Slack’s new Canvas tool solves one of its biggest headaches

Slack’s evolution as a messaging and collaboration app moves further ahead with the introduction of the “Slack Canvas,” which provides a more unified focal point for small teams.

One key weakness within Slack is the lack of persistent references: you can “pin” a particular message to save it, but any collection of shared knowledge can easily got lost in the ebb and flow of a conversation. It’s often easier to reference an external document or Web site rather than use Slack itself, which is an advantage rival Microsoft Teams enjoys.

Slack’s trying to eliminate that with the new Slack Canvas, which is probably best thought of as a shared document that can be used to store those resources, especially for small teams. While the Canvas could be used to help new employees settle in, one example the company presented was gathering business intelligence around a potential sale: collecting company information, contact information about the client representative, relevant Slack channels, integrations, buttons to quickly automate business processes, videos, and so on. You’ll probably find that Slack’s Canvas crosses over with functions CRM software uses, but without the heavy messaging focus that Slack promotes.

A new Slack Canvas will be created from what is currently the “New Message” icon in the upper left-hand corner, next to your organization’s name. But you won’t be able to try it out until next year, when it launches, Slack said.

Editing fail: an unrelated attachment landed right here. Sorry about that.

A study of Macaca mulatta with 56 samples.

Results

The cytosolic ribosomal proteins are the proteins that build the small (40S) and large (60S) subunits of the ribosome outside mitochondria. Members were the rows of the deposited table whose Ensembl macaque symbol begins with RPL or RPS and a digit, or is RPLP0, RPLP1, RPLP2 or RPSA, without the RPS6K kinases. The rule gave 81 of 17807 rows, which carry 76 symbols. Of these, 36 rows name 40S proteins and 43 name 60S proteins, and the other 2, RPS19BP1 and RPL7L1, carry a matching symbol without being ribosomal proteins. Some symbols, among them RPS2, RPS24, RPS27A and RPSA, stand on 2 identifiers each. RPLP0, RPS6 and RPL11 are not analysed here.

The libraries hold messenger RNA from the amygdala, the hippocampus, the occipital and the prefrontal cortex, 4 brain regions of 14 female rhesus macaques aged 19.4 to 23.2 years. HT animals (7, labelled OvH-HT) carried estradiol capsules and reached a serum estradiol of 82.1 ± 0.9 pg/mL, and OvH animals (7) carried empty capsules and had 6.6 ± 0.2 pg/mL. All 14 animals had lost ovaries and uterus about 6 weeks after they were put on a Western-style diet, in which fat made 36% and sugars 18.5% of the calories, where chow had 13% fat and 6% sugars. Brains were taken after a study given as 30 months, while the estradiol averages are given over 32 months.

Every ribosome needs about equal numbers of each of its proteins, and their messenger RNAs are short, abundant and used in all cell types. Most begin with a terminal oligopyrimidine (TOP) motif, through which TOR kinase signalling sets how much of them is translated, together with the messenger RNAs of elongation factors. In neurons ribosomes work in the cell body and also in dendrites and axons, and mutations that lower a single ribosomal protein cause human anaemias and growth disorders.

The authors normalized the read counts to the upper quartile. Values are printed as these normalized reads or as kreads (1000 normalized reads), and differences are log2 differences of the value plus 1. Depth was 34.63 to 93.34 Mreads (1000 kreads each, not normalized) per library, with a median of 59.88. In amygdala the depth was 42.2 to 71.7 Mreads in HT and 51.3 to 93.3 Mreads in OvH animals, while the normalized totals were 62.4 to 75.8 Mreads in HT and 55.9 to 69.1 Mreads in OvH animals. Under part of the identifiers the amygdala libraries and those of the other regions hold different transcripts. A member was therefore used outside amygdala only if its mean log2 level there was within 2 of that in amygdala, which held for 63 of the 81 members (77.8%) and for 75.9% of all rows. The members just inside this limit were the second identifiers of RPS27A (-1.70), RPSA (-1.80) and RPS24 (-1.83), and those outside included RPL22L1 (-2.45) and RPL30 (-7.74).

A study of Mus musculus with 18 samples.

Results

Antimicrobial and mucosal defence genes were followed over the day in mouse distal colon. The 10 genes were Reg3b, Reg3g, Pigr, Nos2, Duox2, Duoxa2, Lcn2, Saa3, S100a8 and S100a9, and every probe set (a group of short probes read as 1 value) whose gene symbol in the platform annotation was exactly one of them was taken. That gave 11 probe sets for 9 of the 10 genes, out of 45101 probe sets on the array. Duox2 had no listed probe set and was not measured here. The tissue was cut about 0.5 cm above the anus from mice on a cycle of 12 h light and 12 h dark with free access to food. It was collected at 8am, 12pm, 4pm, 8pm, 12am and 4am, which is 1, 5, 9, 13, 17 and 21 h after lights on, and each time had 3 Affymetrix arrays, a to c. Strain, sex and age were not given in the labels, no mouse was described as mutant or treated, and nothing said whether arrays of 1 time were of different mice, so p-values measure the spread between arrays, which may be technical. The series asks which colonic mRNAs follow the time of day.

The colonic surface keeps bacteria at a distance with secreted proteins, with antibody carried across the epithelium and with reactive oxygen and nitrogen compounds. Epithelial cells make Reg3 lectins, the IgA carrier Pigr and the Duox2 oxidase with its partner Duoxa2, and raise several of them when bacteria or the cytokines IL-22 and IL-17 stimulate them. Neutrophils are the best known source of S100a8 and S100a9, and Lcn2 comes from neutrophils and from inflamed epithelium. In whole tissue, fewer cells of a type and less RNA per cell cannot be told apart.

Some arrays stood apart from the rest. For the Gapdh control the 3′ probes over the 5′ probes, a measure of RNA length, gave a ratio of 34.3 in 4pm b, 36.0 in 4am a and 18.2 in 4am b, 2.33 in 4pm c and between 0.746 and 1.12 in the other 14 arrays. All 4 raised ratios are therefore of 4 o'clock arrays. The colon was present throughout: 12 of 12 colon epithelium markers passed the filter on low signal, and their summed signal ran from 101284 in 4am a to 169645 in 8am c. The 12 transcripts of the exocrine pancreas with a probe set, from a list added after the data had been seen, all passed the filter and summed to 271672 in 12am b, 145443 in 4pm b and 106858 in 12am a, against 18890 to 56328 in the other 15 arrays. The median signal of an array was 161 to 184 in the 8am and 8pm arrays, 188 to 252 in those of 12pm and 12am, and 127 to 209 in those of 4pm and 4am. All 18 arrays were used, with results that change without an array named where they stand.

And that’s sort of the idea. Slack already offers “huddles,” or ways for a Slack channel of workers to quickly hold an ad hoc audio or video call. Now, pre-recorded video, saved conversations threads and multi-person screen sharing will begin rolling out today, the company said, and will be available in the coming weeks. Again, the idea is that Slack can offer small teams of people what they need to formally (or informally) get the job done.

If the Canvas doesn’t quite do what a team need it to do, Slack is also offering what it calls its new “platform,” available in open beta. Slack’s platform appears to need developer support, with a command-line interface and new SDK, but the goal is to allow developers to build new workflows that can be triggered with embedded buttons and other simplified processes. In 2023, developers will be able to embed workflows directly in a Canvas, Slack said.

Slack understands the fundamental problem — some of the documentation supporting Canvas notes studies that a typical employee can spend hours per work simply looking for the relevant piece of information (was it in email? Chat? A shared document?) rather than acting upon it. Canvas is hoping that by providing a center of gravity to collect these types of information, business workers will spend less time hunting elsewhere… and more time using Slack.

It’s still not clear, however, whether Slack’s own search functions will unearth that relevant bit of information within Slack, or within the Canvases that the company hopes that they will implement. Time will tell, therefore, whether Slack has solved the problem or simply made it worse.